Sense of Touch: First of the Five Senses

This is the first lesson plan in my group of lessons on the five senses. We will be focusing on the sense of touch. We want to help our children understand that we use our hands to touch and feel different textures and temperatures.

Story time and song with the sense of touch…

Prepare for the lesson by gathering a variety of different objects with different textures. I chose cold (an ice pack), hot (a hot water bottle), soft (a silk scarf), hard (a stainless steel “soap” bar), bumpy (a silicone trivet) and lumpy (a small bean bag). You can choose others, like slippery soap or rough sandpaper. The options are endless.

You can also copy down the song I’ve prepared for the sense of touch called “When I Touch”. Feel free to modify it to fit your materials. It goes to the tune of frere jacques.

When I touch

When I touch

I can feel

I can feel

Whether somethings bumpy

Hard, soft or lumpy

Cold as ice

Warm and nice!

Begin the lesson by giving the textured materials to you child. If you’re teaching more than one child pass the materials out amongst them and have them rotate with each repeat of the song.

After you finish singing begin reading your chosen books. I chose a soft baby book with a variety of textures in it called “Just Like the Animals”. I also chose a book all about what hands can do called “Hands Are Not for Hitting”. The most important thing is that you choose books related to hands and touch. You can also engage your kids by examining what the different textures the kids are encountering in the book feel like, using the textured materials you brought to class.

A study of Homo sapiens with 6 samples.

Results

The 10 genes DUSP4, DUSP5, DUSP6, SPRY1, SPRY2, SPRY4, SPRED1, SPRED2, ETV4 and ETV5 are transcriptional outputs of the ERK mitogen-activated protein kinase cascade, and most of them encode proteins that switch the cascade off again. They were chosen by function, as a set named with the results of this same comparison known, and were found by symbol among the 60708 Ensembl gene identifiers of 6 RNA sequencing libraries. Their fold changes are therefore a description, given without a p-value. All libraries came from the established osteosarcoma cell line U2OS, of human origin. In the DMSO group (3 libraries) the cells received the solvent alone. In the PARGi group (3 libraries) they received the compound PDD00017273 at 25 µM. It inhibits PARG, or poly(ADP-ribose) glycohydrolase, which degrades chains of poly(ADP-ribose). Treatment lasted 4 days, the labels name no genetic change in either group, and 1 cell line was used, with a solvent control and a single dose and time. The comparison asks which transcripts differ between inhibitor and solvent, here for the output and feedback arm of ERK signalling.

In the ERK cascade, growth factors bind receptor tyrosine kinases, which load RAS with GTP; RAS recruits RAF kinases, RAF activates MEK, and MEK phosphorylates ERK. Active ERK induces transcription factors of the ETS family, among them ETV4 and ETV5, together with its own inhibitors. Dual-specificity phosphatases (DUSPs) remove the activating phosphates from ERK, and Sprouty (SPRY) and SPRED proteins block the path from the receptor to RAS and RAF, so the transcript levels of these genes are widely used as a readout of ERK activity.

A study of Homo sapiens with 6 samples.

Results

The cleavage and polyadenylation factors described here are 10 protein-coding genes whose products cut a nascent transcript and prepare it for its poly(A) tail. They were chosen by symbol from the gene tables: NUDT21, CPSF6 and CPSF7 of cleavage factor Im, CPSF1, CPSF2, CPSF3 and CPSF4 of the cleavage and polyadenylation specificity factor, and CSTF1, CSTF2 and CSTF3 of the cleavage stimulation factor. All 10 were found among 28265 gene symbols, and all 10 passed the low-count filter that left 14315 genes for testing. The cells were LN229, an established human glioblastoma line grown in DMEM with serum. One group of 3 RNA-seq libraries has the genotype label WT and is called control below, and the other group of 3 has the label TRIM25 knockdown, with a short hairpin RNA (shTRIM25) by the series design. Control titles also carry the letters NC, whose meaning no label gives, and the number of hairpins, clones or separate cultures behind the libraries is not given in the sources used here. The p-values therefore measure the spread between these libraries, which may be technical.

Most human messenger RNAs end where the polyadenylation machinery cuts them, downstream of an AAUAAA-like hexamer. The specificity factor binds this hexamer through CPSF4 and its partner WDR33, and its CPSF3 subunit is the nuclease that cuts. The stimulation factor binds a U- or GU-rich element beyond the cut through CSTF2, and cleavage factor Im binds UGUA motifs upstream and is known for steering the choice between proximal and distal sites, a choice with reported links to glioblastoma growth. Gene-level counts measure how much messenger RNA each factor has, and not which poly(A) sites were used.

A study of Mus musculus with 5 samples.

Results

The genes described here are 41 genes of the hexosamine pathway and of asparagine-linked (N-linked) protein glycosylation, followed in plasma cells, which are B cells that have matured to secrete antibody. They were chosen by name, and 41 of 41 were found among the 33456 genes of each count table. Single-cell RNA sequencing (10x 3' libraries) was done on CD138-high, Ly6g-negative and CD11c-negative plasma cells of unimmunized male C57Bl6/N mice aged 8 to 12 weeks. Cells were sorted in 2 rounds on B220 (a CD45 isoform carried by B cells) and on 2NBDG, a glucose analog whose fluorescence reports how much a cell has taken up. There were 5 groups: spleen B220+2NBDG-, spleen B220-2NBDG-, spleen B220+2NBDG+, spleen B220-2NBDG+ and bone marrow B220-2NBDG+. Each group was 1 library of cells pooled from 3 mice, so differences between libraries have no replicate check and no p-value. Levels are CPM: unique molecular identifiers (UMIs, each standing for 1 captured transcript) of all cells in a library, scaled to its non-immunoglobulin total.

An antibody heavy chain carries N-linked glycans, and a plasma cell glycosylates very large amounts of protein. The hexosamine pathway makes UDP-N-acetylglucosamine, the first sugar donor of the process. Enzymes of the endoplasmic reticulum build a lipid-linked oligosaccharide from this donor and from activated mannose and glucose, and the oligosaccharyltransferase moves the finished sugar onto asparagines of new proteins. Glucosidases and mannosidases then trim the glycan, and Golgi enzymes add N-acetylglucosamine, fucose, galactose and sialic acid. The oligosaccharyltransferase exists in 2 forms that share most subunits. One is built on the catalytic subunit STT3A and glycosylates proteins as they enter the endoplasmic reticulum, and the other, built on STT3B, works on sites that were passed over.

Collect the objects and begin setting up for todays craft. We will create four learning stations: textured finger paints, textured building, salt drawing, and hidden objects.

Textured Finger Paints

Mix different colors of finger paints with sand or dirt and place them on plates. Let the kids finger paint with them and experience the different textures of the dirt.

Textured Building

Provide a variety of materials with different textures. Cardboard, plastic Tupperware, pie tins, lids, silicone trivets, toilet paper rolls, egg cartons, and plastic jugs are all things I had lying around my house to use for this craft. Lay them out and let the kids build a structure with them. Allow them to observe how the materials feel and how they work with each other to create the building.

Salt Drawing

Sprinkle salt, baking powder, dirt, baking soda, or any other fine particulate onto a small cookie sheet and let the kids draw pictures in it. This definitely requires close supervision.

Hidden Objects

Place different textured objects in a bag. You can use the materials that you had at the beginning of class. I like to add multiples of some items so that kids can practice matching them up.

Have the children reach in the bag with both hands and describe how the objects feel. You can even have them match similar textured objects together for math and science skills

That’s it! This lesson will help children learn that they can feel and touch objects with their hands. It will also make them more familiar with their sense of touch.

Please share your thoughts on this lesson in the comments below. How would you modify it for your child?